Nearly 200 exhibitors filled booths inside Frieze Art Fair’s vast white bivouac last weekend but some of most intriguing works interacted with the tent itself.
Designed by Brooklyn-based firm SO-IL, this juggernaut of a canvas on Randall’s Island is an engineering feat. Almost every element of the temporary structure – built with the same principals of structural design used by tent-city genius Cedric Price – is variable, making its adaptive possibilities endless.
Spotting its potential, Frieze Projects invited artists to create works using SO-IL’s tent structure and space as a starting point, inserting their own worlds into the tented volume. These artists were asked to create a dialogue with and within the architecture of the canopy; distorting elements of the structure and expanding the way guests interact with the space.
‘I wanted to explore the atmosphere and the invisible elements of the tent,’ explained performance artist Aki Sasamoto, one of five artists commissioned to occupy the Project spaces. ‘Performance art helps me think about that because you are reacting to air, temperature and volume,’ Sasamoto continued. ‘Assessing the air quality was important.’
Sasamoto’s work didn’t only question the physical space: she also probed our emotional capacity by constructing a personality test that involved the user walking through various rooms. The maze-like structure was built within the grid of the galleries’ booths and viewers faced a choice between two objects or situations; those choices lead them through doors where they discover which personality suits them best.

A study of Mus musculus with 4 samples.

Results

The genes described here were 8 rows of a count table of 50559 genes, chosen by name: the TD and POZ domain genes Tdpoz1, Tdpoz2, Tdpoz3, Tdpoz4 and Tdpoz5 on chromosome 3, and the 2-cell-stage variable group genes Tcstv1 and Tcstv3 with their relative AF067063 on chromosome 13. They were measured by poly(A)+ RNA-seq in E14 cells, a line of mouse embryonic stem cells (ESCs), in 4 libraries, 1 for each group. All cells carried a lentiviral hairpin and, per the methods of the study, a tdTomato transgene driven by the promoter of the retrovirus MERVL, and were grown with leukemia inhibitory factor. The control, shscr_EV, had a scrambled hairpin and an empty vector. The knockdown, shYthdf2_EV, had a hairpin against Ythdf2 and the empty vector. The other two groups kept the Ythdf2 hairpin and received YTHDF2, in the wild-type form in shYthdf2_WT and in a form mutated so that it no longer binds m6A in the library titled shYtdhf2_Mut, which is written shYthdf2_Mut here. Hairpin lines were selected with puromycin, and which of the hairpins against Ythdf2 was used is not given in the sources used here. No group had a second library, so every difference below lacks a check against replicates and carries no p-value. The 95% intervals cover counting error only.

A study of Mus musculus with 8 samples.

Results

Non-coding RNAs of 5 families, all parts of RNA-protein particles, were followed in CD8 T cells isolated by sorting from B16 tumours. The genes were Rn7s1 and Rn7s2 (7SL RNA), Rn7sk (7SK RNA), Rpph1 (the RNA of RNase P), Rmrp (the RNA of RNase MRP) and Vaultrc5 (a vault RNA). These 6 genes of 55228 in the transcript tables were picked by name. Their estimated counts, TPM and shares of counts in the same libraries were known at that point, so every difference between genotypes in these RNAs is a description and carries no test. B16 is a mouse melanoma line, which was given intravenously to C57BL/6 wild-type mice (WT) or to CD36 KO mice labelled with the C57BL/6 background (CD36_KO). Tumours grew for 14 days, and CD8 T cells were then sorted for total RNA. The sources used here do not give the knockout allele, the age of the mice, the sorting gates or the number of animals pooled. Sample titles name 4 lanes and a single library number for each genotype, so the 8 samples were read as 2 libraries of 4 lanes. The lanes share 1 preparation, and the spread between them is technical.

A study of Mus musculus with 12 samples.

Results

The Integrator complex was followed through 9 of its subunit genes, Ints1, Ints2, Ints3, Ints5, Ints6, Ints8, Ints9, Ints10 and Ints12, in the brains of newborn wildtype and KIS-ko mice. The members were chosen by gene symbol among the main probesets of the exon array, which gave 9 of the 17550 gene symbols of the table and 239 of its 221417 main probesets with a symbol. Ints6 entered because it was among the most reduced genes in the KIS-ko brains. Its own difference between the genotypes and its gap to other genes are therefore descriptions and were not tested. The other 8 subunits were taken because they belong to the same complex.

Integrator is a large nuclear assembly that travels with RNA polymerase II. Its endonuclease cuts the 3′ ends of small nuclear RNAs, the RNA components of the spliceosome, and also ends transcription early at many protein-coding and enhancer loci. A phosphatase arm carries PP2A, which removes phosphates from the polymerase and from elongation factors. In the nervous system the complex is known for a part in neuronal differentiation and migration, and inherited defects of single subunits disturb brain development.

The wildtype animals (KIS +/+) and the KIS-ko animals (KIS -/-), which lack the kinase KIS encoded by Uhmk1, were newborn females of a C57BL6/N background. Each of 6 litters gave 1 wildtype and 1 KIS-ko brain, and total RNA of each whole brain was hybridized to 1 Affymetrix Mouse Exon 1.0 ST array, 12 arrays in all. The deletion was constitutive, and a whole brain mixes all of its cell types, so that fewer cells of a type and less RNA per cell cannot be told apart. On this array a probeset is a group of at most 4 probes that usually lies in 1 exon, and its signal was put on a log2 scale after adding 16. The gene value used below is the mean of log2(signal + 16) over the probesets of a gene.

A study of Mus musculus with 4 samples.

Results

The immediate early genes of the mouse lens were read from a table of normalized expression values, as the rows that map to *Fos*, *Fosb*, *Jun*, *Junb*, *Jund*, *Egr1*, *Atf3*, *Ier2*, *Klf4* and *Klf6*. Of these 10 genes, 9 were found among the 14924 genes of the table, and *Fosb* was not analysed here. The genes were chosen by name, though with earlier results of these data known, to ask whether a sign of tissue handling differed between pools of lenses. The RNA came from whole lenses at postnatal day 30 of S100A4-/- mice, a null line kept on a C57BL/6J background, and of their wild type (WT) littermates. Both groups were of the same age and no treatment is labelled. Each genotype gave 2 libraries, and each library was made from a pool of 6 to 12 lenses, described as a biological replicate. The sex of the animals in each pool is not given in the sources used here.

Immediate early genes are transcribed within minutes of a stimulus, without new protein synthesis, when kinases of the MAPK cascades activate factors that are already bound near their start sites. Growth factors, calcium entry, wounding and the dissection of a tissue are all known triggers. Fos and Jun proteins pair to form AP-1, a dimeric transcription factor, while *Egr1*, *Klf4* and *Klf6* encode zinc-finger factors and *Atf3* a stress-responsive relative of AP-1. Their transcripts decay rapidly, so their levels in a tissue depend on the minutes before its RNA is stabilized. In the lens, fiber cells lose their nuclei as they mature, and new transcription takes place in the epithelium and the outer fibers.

‘I built the rooms at this height so that you can see people making their way through the installation; you’re aware of the space but you’re still restricted,’ the artist explained. The idea of privacy was pushed, mainly because Frieze is a very public fair in a very open volume. Sasamoto’s rooms gave fair-goers an intimate moment where they had to make very personal decisions alone.
Los Angeles-based artist Samara Golden instead took the unseen spaces of the tent as a starting point. The tent is the largest of its type on the planet; underneath its footprint there is a network of cables, pipes and axillary arteries that keep things ticking over above. Those walking around the fair in skirts or shorts can feel the updraft of cold air below. It’s in this space that Golden created an imaginary depth and a sixth dimension of sorts.
The artist suggested lateral spaces that only appear in mirrors; the space expanded in multiple directions, and even directions that didn’t exist. It was a portal to a new world where the tent didn’t simply act alone, but instead became a medium for discovering new worlds and time. As in an archeological site, Golden’s installation revealed the underbelly of the fair, which is usually invisible to fairgoers.
For SO-IL, creating a space that could be expanded — or contracted — in new ways was always part of their brief. The Buckminster Fuller school of thinking that inflatable buildings are the future is prevalent here. That SO-IL’s client Frieze invited commissions to actively push the same exploratory principals has created a richer art experience.